By Matthew Brown, managing director of giant group

Growth in the building and construction industries is often seen as indicative of a healthy economy. And with growth in this arena gaining momentum in recent times, there are a number of huge projects currently underway across Great Britain, all of which have created a plethora of opportunities for contractors. But whats driving this growth and the subsequent roles for specialists in this field?

The rebirth of the UK construction field can really only be attributed to improvements in the overall economy. Firms and investors were highly unlikely to pay out for major projects unless they felt confident that there would be a significant need or use for it upon completion. However, when the economy did finally pick up, many organisations and government bodies invested heavily in their property portfolios and infrastructure in order to make up for lost time during the downturn. And as the financial situation has improved, this activity has only increased. In London alone weve seen the development of CrossRail and the early stages of the HS2 rail line as well as some enormous building projects such as the creation of Googles new 650m headquarters. These projects, and others of their ilk, have driven significant activity for contractors in construction and its associated industries. In fact, our latest analysis of our database found that opportunities for these professionals have risen steeply over the past 12 months.

However, its not all good news for the industry. As with many other sectors, construction and its associated fields have been hit hard by the lack of available skills in the UK employment market. These shortages have had such a significant effect that a survey by The Royal Institute of Chartered Surveyors (RICS) has revealed that two-fifthsof its members have actually had to turn away projects because of a dearth of talent. If estimates are correct and nothing is done to tackle this significant problem, almost 27,000 projects could be affected by 2019.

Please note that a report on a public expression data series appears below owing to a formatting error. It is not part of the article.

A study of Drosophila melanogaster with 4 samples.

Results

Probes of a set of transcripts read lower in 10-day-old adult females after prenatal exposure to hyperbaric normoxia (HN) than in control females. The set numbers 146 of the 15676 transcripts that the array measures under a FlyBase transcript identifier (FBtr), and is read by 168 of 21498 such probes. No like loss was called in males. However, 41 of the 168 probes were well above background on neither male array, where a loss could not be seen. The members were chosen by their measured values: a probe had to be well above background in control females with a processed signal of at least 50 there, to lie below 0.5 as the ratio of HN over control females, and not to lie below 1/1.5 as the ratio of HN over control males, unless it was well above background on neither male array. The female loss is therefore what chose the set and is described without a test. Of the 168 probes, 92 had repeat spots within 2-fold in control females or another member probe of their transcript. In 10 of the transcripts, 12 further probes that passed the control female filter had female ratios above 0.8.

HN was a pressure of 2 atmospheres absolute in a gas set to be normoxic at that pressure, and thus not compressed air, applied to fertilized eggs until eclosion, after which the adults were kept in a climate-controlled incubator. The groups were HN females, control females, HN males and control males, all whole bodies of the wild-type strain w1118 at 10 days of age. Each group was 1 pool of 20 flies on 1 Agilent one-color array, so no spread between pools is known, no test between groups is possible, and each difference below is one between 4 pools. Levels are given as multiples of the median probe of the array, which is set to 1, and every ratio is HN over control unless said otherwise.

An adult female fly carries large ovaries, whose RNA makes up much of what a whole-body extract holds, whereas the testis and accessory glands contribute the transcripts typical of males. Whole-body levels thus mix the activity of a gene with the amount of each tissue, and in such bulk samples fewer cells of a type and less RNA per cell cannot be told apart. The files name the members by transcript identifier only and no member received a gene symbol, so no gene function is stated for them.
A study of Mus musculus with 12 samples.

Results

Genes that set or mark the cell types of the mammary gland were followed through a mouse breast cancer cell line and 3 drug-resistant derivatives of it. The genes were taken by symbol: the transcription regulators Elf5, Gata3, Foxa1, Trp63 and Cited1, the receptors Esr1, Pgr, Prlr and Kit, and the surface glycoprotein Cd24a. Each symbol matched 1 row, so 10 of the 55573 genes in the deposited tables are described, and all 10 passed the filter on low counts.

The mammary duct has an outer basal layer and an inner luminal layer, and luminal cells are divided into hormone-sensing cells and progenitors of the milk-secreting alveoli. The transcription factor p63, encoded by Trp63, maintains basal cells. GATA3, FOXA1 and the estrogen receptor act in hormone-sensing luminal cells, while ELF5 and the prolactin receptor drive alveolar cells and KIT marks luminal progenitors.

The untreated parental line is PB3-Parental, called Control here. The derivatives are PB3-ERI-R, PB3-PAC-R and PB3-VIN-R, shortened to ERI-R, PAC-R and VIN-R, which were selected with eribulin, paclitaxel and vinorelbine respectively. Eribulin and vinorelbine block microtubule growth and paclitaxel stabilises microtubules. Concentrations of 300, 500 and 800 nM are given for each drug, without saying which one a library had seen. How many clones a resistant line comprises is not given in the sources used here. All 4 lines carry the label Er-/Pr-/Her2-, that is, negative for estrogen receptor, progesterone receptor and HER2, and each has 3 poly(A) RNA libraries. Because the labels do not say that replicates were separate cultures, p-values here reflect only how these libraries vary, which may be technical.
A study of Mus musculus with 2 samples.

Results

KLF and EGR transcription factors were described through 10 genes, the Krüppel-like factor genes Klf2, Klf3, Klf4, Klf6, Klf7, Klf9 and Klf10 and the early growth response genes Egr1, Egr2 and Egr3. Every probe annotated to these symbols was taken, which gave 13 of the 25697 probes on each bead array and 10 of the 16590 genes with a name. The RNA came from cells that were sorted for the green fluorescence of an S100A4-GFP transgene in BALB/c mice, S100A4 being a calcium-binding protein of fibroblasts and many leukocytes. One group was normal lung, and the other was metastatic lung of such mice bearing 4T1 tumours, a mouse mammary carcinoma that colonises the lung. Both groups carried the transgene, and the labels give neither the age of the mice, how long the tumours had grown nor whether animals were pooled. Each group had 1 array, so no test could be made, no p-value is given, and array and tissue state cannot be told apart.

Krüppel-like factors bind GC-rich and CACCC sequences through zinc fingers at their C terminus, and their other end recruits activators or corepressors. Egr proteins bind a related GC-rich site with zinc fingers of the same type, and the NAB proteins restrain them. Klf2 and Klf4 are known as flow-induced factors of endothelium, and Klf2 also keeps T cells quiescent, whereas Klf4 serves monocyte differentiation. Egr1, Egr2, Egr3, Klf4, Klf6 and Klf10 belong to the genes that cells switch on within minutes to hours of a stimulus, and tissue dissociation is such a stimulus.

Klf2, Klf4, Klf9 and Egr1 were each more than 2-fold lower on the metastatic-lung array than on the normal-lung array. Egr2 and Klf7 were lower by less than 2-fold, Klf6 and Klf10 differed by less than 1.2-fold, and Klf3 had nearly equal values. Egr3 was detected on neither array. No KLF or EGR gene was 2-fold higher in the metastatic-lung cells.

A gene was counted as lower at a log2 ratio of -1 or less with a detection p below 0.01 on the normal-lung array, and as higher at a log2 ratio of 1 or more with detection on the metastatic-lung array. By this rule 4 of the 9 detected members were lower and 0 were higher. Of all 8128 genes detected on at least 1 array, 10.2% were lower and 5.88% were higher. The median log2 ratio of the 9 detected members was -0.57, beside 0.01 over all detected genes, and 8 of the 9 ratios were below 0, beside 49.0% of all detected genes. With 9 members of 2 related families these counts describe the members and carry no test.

Despite this, its highly unlikely the market is going to slowdown anytime soon. Only this week it was announced that the worlds biggest offshore wind scheme has been given the go-ahead off the North-East coast of the UK which could create up to 4,750 new roles, many of which are likely to be in construction and its associated fields. Theres also the plans announced by the Government late last year to spend almost 15bn on UK infrastructure by improving the road networks between 2015 and 2021, which will naturally require significant manpower.  And with roles in construction and civil engineering, to name just a few, already being listed on the Tier 2 shortage occupation list, employers are likely to already be relying on talent from overseas in order to continue with these projects. Consequently, its crucial that both firms, and the Government, look to tackle the issue and get more people entering this field before it has a serious impact on future economic growth.

While hirers will continue to source contractors to lead complex projects and offer niche skill sets, there is only so long that this can continue before demand for talent simply outstrips supply.